By now you’ve probably heard the gut-wrenching story of 17-year-old Trayvon Martin who was gunned down while returning from a walk to pick up snacks at a gas station by George Zimmerman, a neighborhood watchmen. Martin’s death was originally determined by authorities to be an act of self-defense, but outrage by the victim’s family and the general public have attracted enough attention for the FBI to open a formal investigation.

Details continue to emerge, including the account of a friend who says she was on the phone with Martin minutes before police arrived on the scene. The friend told the Martin family attorney, Ben Crump, that Martin told her he was being followed by someone and that he attempted to run before his assailant caught up with him, followed by sounds of a scuffle.

Several people in the Sanford, Fla. neighborhood heard the events unfolding and called 911. These tapes have been released along with tape of the 911 call Zimmerman himself made which has sparked further controversy. Some believe that Zimmerman can be heard on the tape calling Martin a racial slur under his breath. WFTV had an audio expert listen to the tape who believes that Zimmerman was actually saying “punks.”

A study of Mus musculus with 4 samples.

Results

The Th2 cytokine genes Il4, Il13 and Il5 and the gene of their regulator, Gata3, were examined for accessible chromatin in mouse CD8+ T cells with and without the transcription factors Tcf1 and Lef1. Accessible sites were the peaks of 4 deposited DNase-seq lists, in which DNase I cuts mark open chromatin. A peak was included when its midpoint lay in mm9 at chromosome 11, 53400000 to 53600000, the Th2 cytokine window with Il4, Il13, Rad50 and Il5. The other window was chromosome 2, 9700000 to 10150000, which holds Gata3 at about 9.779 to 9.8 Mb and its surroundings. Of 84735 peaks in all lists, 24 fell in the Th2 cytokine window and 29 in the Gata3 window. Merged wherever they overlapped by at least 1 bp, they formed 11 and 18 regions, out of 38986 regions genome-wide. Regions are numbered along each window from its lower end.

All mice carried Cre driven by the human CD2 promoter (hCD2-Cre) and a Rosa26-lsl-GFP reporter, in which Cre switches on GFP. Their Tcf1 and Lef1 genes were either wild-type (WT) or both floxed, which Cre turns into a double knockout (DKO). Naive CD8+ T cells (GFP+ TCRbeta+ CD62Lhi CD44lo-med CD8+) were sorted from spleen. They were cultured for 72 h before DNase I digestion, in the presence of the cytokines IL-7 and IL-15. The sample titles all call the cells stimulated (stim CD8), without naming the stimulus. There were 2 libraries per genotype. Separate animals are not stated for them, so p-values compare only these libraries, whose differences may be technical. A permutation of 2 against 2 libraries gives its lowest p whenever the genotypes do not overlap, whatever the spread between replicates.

While the content of the tape is up for debate, whether race played a role in this teen’s tragic death is a question that can’t be easily dismissed. A lot has been said about Zimmerman’s own ethnicity (hispanic) and whether this exempts him from the propensity to  target another person based on the color of their skin.

Everything I have read about Zimmerman — the willingness to spend his weekends being a gun-toting neigborhood watchmen, the dozens of phone calls made to police in the last few months, the fact that he pursued Martin even after being explicitly asked not to by a 911 operator –  has led me to believe that he is a deeply disturbed individual with a longing to play cops and robbers.

Was this crime motivated by the color of Martin’s skin? Would Zimmerman have been less suspicious of a white teen walking through a neighborhood at night carrying an iced tea and a bag of skittles? Only Zimmerman can ever truly know the answer to that question, but the fact that we as a nation still have to ask it saddens me deeply, but not quite as deeply as the senseless loss of another youth to gun violence.